Sunday, October 17, 2010

West Hill Mall Huntsville Texas: Last article of 2010



West Hill Mall is in the town of Huntsville Texas; famous for Sam Houston State University and a huge statue of Sam Houston. Many of the state correctional facilities are here as well. For a city of around 30,000 people a mall should do fairly well since the nearest mall is over 45 minutes to the south in the Woodlands suburb of Houston. This is not the case for West Hill Mall; the mall only has closed off over 2/3 of the retail space for government offices and there are only a handful of stores left. A couple of the stores still have not updated their storefronts from the late 1980's to early 1990's and the mall seems to be very quiet. I wish I could have seen this mall in the prime years when the whole building was open. The design of this mall is very similar to the Deauville malls that were built in the Houston area in the 1980's that have vanished or have been re-purposed like the one in Kingwood that is now a hospital. You can see all the way across the mall from both anchor entrances since the mall space has been reduced.

We start our tour of the mall from the Palais Royal entrance.



The mall stops here; less than a 1/3 of the mall is still used for retail; the rest of the mall space has been taken over by the State of Texas for various offices.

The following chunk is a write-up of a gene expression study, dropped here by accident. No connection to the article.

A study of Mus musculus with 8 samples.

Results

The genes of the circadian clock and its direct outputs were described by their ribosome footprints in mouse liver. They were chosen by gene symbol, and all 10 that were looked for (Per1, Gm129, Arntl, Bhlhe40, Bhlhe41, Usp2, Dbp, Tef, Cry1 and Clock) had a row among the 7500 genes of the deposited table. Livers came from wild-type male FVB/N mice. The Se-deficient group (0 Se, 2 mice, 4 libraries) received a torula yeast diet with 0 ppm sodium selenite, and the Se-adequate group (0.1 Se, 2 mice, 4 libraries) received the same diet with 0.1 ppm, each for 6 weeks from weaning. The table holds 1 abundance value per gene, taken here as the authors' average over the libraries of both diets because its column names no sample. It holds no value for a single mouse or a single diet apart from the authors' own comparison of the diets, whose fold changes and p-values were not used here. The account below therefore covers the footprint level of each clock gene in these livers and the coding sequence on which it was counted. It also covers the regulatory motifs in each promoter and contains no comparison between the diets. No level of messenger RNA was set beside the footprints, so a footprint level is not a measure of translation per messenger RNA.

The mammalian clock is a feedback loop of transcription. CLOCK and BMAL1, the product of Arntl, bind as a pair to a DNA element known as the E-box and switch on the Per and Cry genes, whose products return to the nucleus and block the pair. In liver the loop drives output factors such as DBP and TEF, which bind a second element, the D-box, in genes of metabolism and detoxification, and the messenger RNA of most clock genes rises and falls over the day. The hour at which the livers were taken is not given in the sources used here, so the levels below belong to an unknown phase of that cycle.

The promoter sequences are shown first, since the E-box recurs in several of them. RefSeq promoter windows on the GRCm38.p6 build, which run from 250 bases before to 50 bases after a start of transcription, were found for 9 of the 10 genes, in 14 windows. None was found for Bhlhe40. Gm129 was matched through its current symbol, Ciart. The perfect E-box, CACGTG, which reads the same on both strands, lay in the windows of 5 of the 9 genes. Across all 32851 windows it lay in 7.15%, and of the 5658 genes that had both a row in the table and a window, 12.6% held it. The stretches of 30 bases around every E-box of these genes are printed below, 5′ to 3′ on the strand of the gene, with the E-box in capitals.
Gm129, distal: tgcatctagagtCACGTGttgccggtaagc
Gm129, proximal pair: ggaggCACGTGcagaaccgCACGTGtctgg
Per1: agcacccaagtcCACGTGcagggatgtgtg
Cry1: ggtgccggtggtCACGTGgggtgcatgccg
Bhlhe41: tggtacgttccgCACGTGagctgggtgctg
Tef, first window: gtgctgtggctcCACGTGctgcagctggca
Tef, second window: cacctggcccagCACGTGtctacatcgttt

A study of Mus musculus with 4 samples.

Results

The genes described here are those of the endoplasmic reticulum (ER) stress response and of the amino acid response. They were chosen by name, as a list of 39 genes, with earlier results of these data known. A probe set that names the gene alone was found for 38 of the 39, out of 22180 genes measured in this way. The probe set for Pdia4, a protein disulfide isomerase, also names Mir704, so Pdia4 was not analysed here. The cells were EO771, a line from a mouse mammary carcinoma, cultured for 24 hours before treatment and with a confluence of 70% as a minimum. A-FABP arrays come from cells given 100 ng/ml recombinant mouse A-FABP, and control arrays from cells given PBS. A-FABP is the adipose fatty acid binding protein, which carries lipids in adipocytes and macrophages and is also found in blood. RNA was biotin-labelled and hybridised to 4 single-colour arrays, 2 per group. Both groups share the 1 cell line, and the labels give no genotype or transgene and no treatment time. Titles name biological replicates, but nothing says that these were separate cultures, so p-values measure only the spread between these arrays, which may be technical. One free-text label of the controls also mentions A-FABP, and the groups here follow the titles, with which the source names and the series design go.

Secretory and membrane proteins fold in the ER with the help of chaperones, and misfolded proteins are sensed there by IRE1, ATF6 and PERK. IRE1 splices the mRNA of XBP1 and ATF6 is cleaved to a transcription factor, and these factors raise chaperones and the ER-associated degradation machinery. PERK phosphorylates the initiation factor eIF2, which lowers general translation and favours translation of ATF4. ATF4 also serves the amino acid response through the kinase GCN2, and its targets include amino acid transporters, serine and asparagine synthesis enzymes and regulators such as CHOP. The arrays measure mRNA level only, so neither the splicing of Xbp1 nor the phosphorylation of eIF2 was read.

These next two photos are from the same spot, but different angles. Just past the Cato store is the JCPenney entrance.




The next three pictures are taken from the middle of the mall; which is just a few steps away from the entrance to Palais Royal.



I tried to get a good photo of the mall map, but there was a nearby security guard (not pictured), so I had to be discreet. The two anchor stores on the left of the map are the JCPenney and Palais Royal, so you can see how much of the mall is closed off.




This is the view as you enter the mall from JCPenney; you can see the other end of the mall from this view (look above the trashcan). As you can see there are some 1980's style storefronts still intact here.



Gotta love the mirrored glass JCPenney entrances.



This is the only entry to the mall that does not go through an anchor.



The back of the mall is very similar to the back of a regular shopping center.



The mall has tons of vegetation covering the building, so it is very hard to get far away shots. Pictured here is the wing used by the State of Texas DPS and other offices.



This is the only non-anchor entrance to the mall shops.



One of the former anchor spots (does anyone have info on the former anchors)



Palais Royal



JCPenney; very small maybe around 30,000 sq feet.




I am going to take a break on this blog until after the new year just like last year. I will have some great new articles including an article on retail for an entire section of suburban Houston. Once again thanks for reading and participating in my blog and keep the comments coming as I will still be checking this site often.

7 comments:

  1. I took pictures of this mall about a year ago, and it's in the same condition as now. I'm worried about the JCP: a new strip center down on 45 looks like it may take JCP at a moment's notice.

    The former anchors I have no idea on what they might be, but I was also intrigued at the chairs and tables they have near the closed end of the mall. There's no food establishments.